The true refuge of the hardcore nostalgic gamer at the moment is Xbox Live Arcade. For those who think games are selling out, dumbing down and getting just too easy, the download service is a haven for difficult, stalwartly retro titles. Last year, we had Mega Man 9 and Ikaruga doling out one-hit deaths left, right and centre. Now, we have R-Type Dimensions. Essentially a compilation of the first two games in Irem’s R-Type arcade space-shooter series, Dimensions has been given an HD overhaul by USA-based publishers Tozai and Sweden-based developers Southend.
Remember when a game’s story didn’t matter? Nowadays, nearly all games need narratives of some kind – even if it is just Michael Bay-ish talk-run-shoot-explosion trite. In R-Type, the story is not important; it’s all about gameplay. You control your ship – the Arrowhead – in its slowly-scrolling-to-the-right assault on the evil aliens of the Bydo empire. That premise is used as a springboard for (in total) 14 fiendishly difficult levels featuring wave after wave of enemy spacecraft large and small. As you travel through deep space, canyons and under water, you are driven by one harsh, repeated mantra – ‘One hit, you’re dead’.
A lone help in your journey through the curtain of lasers, bullets and rockets is the Force pod, a pick-up that acts as a detachable accessory, which can shield the fore or aft of your ship, or be sent into battle as a free-roaming satellite. The Force is R-Type‘s signature item, and its use brings elements of tactics and strategy to the intense, trial-and-error gameplay.
To put it softly, you will die a lot in R-Type Dimensions. Some of the later levels of both the included games are especially sadistic in their design. This will thrill some, but deter many others. Luckily, Tozai/Southend have it covered, and have added an ‘infinite mode’, granting the player limitless lives. Purists may cry foul, saying that, surely, that takes away all of the challenge. I’d like to think of it as a gift to those more human, fallible players, who, like me, need hundreds of lives for a full game run.
This is just one of the additions and tweaks that make R-Type Dimensions into something fresh and enticing. The 3D makeover is lovely, clean and bold, however, the original, distinctive 2D art is only a touch of the Y button away, as the player can flit between the two on the fly. There’s also a multitude of other video options, including the ‘Crazy’ camera, which adopts a strange, isometric side-view of the screen, and the arcade view, where your TV screen is filled with the visage of an R-Type arcade cabinet.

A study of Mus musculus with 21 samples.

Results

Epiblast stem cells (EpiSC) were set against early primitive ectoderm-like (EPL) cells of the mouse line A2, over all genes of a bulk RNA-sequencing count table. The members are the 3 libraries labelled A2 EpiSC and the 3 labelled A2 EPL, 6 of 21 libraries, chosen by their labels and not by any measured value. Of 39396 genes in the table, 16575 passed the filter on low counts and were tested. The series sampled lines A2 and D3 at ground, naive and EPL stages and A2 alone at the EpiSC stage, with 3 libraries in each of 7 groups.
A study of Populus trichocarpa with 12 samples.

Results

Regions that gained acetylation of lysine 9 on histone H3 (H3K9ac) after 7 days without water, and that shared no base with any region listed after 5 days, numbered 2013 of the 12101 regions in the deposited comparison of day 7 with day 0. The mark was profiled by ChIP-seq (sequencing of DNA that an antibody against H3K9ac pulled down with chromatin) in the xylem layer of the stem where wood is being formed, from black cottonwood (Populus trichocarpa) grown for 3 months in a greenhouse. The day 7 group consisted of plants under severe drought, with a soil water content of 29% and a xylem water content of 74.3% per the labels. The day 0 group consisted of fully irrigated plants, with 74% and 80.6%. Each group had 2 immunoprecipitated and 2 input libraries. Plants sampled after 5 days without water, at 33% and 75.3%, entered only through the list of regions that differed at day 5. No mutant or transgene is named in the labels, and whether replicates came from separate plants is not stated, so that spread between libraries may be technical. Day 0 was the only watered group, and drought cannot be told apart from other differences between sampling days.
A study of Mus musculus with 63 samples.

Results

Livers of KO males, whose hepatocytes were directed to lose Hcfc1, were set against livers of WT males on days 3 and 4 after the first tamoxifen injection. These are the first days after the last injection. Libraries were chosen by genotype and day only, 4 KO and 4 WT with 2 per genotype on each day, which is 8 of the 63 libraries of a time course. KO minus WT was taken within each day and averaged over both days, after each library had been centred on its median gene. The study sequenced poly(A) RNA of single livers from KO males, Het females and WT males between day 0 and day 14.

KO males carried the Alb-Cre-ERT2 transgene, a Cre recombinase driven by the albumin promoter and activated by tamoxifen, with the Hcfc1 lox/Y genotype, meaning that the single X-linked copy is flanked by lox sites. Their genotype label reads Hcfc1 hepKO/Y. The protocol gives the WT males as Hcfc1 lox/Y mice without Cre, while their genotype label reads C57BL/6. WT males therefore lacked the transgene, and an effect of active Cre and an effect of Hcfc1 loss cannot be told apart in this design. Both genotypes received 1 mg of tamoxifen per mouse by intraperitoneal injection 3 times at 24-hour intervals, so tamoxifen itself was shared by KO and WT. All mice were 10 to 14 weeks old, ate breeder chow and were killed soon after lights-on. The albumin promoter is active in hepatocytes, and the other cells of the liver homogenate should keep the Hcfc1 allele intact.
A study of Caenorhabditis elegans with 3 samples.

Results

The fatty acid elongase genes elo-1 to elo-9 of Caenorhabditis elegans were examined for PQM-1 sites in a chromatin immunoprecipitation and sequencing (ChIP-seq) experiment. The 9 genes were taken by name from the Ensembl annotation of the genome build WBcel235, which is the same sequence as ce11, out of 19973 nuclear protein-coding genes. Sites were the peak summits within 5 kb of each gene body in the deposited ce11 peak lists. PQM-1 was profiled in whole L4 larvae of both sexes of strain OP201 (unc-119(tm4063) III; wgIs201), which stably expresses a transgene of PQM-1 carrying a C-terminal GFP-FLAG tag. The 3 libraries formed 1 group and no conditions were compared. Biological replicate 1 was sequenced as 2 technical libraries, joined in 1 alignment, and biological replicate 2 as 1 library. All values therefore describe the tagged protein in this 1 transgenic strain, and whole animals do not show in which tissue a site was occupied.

These aspects help raise Dimensions above shallow rehashing and precious nostalgia. Also welcome is the local or online co-op mode; even if it does make the screen even more crowded, frustration with a buddy is frustration halved. Leaderboards and statistics bring an element of competition and self-awareness to the game – plus the opportunity to show off your skills to others. An admittedly minor, but still impressive perk is the great implementation of the achievement system, which is initially straightforward, rewarding for simple completion, but then moves to encourage the player to plug the game’s depths, discovering secrets and complexities, such as reviving comrades and finding hidden spores in certain levels. It acts as a gentle primer and guide for the newbie, and as a hearty challenge to the initiated. All this helps prove there is more to the game than the 50 minutes it takes to complete on Infinite Mode.
A wonderfully crafted piece of gaming nostalgia, exuding care and love for the franchise, R-Type Dimensions also makes steps towards seducing and courting the shoot-em-up virgin. It is fun, challenging and offers enough freshness to be more than just another XBLA port. It would be a complete success, and an easily recommended purchase, if not for the 1200 point (£10) price-tag. As it is, download the trial – if you’re bitten by the bug, there is much to enjoy.